Welcome to Almond Oats, relocated. I hope some of my previous followers have found me, and for those of you who are new, feel free to come out of the woodwork and say hello!
Today I had my second dance class of the semester. And I think I’ve discovered my new minor. I was so disappointed when I realized that Eastern didn’t have an art program, but I think that now, I can settle. I feel my body working in ways that it remembers, my muscles systematically reflecting the motions. An arm catches a ront de jambe perfectly in fourth, and my nerves race into a leap, high from the adrenaline. It is amazing to be back on the floor, with the barre, the corrections, the movement. I didn’t realize until now just how much I missed dance, just how much I love it, and also the extent to which I simply took all those after-school classes for granted. I really could have gone somewhere, done something. I guess I’m making those moments up, lost, but not too late. A dance minor may not be practical, but it is where my heart is. And it really isn’t settling, because I could settle for nothing less.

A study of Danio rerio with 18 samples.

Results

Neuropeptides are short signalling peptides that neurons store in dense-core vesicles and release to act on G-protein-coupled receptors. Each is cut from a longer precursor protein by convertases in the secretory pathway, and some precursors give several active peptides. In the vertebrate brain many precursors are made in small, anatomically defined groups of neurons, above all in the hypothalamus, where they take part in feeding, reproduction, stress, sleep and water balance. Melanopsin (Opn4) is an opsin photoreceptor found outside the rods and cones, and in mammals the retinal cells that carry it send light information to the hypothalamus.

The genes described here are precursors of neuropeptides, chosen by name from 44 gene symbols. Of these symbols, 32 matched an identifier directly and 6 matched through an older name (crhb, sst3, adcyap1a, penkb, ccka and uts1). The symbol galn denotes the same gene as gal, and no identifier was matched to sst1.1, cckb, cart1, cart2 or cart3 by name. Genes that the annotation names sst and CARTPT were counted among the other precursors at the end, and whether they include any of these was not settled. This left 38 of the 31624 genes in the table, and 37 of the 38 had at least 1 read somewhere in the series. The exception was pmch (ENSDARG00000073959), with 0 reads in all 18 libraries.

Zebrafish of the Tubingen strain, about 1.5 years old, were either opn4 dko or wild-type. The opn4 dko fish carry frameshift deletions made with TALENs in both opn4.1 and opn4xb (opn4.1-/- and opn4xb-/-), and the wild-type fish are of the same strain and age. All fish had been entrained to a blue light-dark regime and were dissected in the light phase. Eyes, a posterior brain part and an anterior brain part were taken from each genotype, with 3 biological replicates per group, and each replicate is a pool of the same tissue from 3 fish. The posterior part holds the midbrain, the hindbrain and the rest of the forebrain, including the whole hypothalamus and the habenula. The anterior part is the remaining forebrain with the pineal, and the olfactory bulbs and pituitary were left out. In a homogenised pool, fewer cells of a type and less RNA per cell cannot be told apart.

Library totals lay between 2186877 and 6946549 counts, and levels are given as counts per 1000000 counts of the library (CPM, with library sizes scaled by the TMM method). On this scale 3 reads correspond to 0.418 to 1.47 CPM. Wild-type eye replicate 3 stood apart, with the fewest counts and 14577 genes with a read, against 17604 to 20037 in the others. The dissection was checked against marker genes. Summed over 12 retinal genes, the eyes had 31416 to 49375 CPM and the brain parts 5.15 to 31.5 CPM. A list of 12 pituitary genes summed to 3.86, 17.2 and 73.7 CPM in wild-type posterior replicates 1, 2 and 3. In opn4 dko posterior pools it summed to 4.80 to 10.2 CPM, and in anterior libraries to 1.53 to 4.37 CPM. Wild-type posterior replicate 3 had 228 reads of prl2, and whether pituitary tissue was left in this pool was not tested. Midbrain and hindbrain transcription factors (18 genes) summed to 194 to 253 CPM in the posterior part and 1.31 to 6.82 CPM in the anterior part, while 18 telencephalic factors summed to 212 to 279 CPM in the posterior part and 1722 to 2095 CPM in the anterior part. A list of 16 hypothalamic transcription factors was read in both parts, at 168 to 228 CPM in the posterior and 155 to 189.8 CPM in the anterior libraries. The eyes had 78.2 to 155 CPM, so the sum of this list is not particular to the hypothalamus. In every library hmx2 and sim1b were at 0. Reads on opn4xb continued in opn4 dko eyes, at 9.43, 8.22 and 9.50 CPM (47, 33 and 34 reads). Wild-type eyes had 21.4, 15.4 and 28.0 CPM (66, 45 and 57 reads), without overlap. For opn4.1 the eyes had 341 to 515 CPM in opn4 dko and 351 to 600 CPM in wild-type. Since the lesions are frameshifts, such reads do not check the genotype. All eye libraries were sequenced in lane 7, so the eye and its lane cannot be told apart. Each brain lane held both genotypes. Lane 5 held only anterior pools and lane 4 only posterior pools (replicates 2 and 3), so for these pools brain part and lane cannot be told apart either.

Of course, with dance and work and school, my appetite increases exponentially. I find it very frustrating that some days, like today, I will be continually hungry throughout the day, and that other days, like yesterday, I will hardly be able to overcome the feeling of full. It seems so up and down. I wish I could always feel the hunger, or the physical need. It would make this recovery business so much easier.
And while I realize that I’m burning more on days with more activity, it still bothers me. The fullness of yesterday is still vivid to me, and it precedes the unknown of another day, another moment, another meal. Will I be okay? Will it be too much? Did I eat too much? Did I eat too fast? Can I get through this? Is it really going to be all right? Did I need that? Was it….too much. All of these questions, simply chasing one another while I sit with my gut in my hands, literally wondering why it can’t just be empty, wondering if I made the right choice.
But I know that my choice, the more difficult one, is the choice that has kept me here, present, and alive for the past ten months. And yes, it’s really been that long. In two more months, I will have lasted a full year out of inpatient treatment, which is more that I can say for the previous four years. I have grown. I am growing. I am different now, and I am better. Not completely, but getting there. And that is more than I could ask for.